Pardon this extended introduction to Jim Benford’s response to Nick Nielsen’s Friday essay, but it comes at a serendipitous time. Jim’s recent online work has reminded me that we in the interstellar community need to work to see that as many resources as possible are made available online. In the absence of specialized bibliographies, useful information can be hard to find in more general indices. And it’s always dismaying to read an intriguing abstract only to realize that the paper itself is behind a pricey firewall. Access to academic libraries certainly helps, but online databases still vary in what they make available, which is why I always check the home pages of the authors of a given paper to see if they have posted a copy of their work themselves. Scientists can do much to get the word out, as Jim’s new site attests.
You’ll find it at http://jamesbenford.com/. Over the weekend, after Nick had discussed METI (Messaging to Extraterrestrial Intelligence) on Friday, I resorted to Jim’s site to pull the Benfords’ key papers on cost-optimized interstellar beacons back up on screen. Preprints of these are available on the arXiv site, but how much more useful to have a single site with a researcher’s papers not just in preprint but in final form. Jim and brother Greg’s work on how beacons might be built, what their broadcasting strategies would likely be, and how we might go about finding them is moving SETI in interesting directions and it’s all here in one place.
So are references to Jim extensive work on microwave beaming to sailcraft, on fusion and pulsed power and plasma physics at large. Here we’re still limited to bibliographic entries because of publishers’ policies, but the bibliography is itself a valuable tool, and we can hope, as publishers gain more experience with networked resources, that open access to scientific work (particularly that funded by taxpayers!) will increasingly become the norm. Interstellar studies needs good bibliographers and researchers can help by cataloguing their own work.
But enough of this extended introduction to the response Jim sent to Nick. What to do about sending messages to other stars? For that matter, just how far are our own electromagnetic signals traveling? We have much to learn as the investigation continues.
by James Benford
I’m very pleased to see Nick Nielsen’s essay. Fits my attempts to widen the discussion of METI. METI is an issue that really should be debated further; as it is increasingly possible that someone will announce us. These are not easy questions; they are ultimately social questions, so should be widely discussed.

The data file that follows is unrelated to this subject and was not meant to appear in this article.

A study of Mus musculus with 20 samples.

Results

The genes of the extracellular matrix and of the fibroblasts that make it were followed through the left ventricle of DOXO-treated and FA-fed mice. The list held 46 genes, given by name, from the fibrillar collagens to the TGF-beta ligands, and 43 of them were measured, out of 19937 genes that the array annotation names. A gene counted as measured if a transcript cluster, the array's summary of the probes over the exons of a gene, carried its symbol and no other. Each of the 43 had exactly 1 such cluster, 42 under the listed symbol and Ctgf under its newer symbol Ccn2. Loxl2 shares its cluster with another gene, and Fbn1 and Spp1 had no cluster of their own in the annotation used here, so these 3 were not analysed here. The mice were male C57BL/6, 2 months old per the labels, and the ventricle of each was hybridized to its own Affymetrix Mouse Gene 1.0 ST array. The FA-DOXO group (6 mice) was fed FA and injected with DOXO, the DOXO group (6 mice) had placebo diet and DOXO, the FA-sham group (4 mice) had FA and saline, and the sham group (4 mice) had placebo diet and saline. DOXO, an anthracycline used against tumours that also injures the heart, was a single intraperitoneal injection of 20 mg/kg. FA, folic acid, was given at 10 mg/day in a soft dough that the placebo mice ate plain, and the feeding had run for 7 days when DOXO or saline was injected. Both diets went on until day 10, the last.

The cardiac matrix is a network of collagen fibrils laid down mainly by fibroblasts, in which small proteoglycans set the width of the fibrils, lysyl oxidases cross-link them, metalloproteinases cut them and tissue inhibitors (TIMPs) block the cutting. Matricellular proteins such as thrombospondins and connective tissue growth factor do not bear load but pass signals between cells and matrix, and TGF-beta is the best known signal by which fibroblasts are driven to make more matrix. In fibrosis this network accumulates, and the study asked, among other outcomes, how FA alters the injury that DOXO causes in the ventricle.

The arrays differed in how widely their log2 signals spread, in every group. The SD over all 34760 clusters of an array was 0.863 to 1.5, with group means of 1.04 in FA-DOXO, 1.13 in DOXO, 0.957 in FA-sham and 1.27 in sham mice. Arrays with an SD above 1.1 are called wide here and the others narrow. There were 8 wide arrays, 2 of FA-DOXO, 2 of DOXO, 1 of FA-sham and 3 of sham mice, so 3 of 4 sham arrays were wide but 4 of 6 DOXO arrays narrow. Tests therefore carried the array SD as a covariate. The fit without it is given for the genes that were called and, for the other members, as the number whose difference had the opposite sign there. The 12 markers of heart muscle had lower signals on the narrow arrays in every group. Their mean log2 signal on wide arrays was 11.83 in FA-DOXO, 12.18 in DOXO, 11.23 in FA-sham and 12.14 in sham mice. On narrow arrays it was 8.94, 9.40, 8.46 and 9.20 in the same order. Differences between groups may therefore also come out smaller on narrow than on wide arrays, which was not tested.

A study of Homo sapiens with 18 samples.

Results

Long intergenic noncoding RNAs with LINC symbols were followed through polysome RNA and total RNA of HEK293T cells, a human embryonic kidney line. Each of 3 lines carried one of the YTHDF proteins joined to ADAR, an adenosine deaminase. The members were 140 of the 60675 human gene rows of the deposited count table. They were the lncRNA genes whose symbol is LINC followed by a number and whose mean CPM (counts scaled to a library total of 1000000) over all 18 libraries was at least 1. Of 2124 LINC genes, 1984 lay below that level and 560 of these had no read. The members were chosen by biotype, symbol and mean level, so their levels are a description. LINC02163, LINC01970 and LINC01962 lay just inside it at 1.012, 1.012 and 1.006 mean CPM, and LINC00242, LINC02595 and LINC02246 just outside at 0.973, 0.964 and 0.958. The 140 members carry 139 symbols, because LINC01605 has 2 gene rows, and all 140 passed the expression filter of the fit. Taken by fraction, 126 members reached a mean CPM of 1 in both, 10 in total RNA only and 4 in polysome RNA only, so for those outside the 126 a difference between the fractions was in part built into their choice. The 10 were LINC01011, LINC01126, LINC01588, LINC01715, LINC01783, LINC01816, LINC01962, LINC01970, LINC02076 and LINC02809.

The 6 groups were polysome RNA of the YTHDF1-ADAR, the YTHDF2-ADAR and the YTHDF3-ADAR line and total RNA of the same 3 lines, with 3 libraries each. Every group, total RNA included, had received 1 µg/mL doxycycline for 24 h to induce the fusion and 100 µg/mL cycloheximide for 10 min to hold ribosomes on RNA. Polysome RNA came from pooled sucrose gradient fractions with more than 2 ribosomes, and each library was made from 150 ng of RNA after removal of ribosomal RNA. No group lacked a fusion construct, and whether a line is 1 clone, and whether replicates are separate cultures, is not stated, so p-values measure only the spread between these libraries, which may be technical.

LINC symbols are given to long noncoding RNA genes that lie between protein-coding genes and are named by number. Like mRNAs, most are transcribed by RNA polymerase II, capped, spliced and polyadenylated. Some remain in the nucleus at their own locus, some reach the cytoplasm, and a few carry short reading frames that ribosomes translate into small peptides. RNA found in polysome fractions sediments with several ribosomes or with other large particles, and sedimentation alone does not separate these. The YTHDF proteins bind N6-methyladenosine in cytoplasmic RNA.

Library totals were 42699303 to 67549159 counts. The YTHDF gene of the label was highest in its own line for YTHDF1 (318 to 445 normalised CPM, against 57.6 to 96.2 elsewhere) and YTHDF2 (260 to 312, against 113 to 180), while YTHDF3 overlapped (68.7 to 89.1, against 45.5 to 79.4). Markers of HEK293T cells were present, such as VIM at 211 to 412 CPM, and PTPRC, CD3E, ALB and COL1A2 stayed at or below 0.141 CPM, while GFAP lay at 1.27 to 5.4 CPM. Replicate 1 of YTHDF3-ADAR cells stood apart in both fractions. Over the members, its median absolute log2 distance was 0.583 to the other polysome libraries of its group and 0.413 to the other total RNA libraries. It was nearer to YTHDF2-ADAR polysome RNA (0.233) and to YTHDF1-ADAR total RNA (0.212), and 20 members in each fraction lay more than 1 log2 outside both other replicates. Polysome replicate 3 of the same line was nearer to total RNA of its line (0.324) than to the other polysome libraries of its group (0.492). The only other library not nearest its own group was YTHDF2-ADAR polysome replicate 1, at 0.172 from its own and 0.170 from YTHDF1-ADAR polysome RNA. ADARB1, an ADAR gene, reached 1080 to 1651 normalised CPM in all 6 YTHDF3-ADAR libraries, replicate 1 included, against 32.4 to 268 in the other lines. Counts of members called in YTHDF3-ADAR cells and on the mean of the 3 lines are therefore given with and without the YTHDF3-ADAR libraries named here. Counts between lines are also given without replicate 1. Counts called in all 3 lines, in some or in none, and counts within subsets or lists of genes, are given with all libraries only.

I would suggest another paper of mine which treats METI directly. It’s in the Special Issue of JBIS on the METI Debate that I am editing:
“Costs and Difficulties of large-scale METI, and the Need for International Debate on Potential Risks”, John Billingham and James Benford, in press, JBIS (2014).
A draft version is on my new website, at
A few comments:
1) Opponents of METI do not ‘maintain that the “leakage” of the ordinary (unintentional) EM radiation of a technological civilization cannot be detected at interstellar distances”. No, they say just that past signals are undetectable using our present and projected technology. Future leakage may well be larger – see the following point.
2) Several of the responses to my quantitative arguments showing that neither Earth-scale radio telescopes or even the Square Kilometer Array (SKA, that radio astronomers hope to build, but have yet to find the funding for) are able to detect leakage radiation or messages from our radio telescopes only at very limited range of at most a few light years. Their responses simply say that ETI will have far larger radio telescopes as big as Chicago or New Hampshire.
It’s not that easy. Such assumptions are not without implications. The proper scientific thing is to consider the implications of such assumptions. Larger-scale civilizations will leave larger footprints.
If we use Claudio Maccone’s statistical argument that results in the nearest ET civilization being roughly 1000 light years away, no message we can transmit from Earth within the limits of our technology would be detected unless the receiving civilization were substantially wealthier than us, by a factor of 1,000. The details: If we use the ability to build larger area radio telescopes as an indicator of the scale of civilization, that means the energies consumed, and so the wealth, should be larger by a similar amount.
Are there observable features of such civilizations? I think so, especially if they are nearby. If there were a civilization at Alpha Centauri with 1,000 times the energy consumption of earth, they would be able to do extraordinary things. They might modify their climate, beam power around their solar system, construct and launch starships, such as the ‘sailships’, beam-powered sails that Project Forward is conceptualizing. They would be observable.
So just imagining that ET is far more powerful than we are is not a simple escape clause from the arguments I made.
3) My work with John Billingham shows what METI would cost us: ~ 10 B$ for 1000 light year range. Countering METI would cost more than METI, but of same order. To suppress METI, radiate the same signal exactly 180° out of phase so that it cancels, suppressing the message.
4) “Energy and material limitations will cease to be relevant for all practical purposes.” That’s doubtful, as economic history shows. I remember when nuclear power was going to make electricity ‘free’. Didn’t happen. What does happen is prices for some things fall. For example Al, rare before 1800, now used for Coke cans.
5) Spectroscopy of exoplanet atmospheres could reveal markers of life like oxygen, but markers of civilization are very hard to see. Can anyone give an example of something detectable? CFCs aren’t, they’re too small.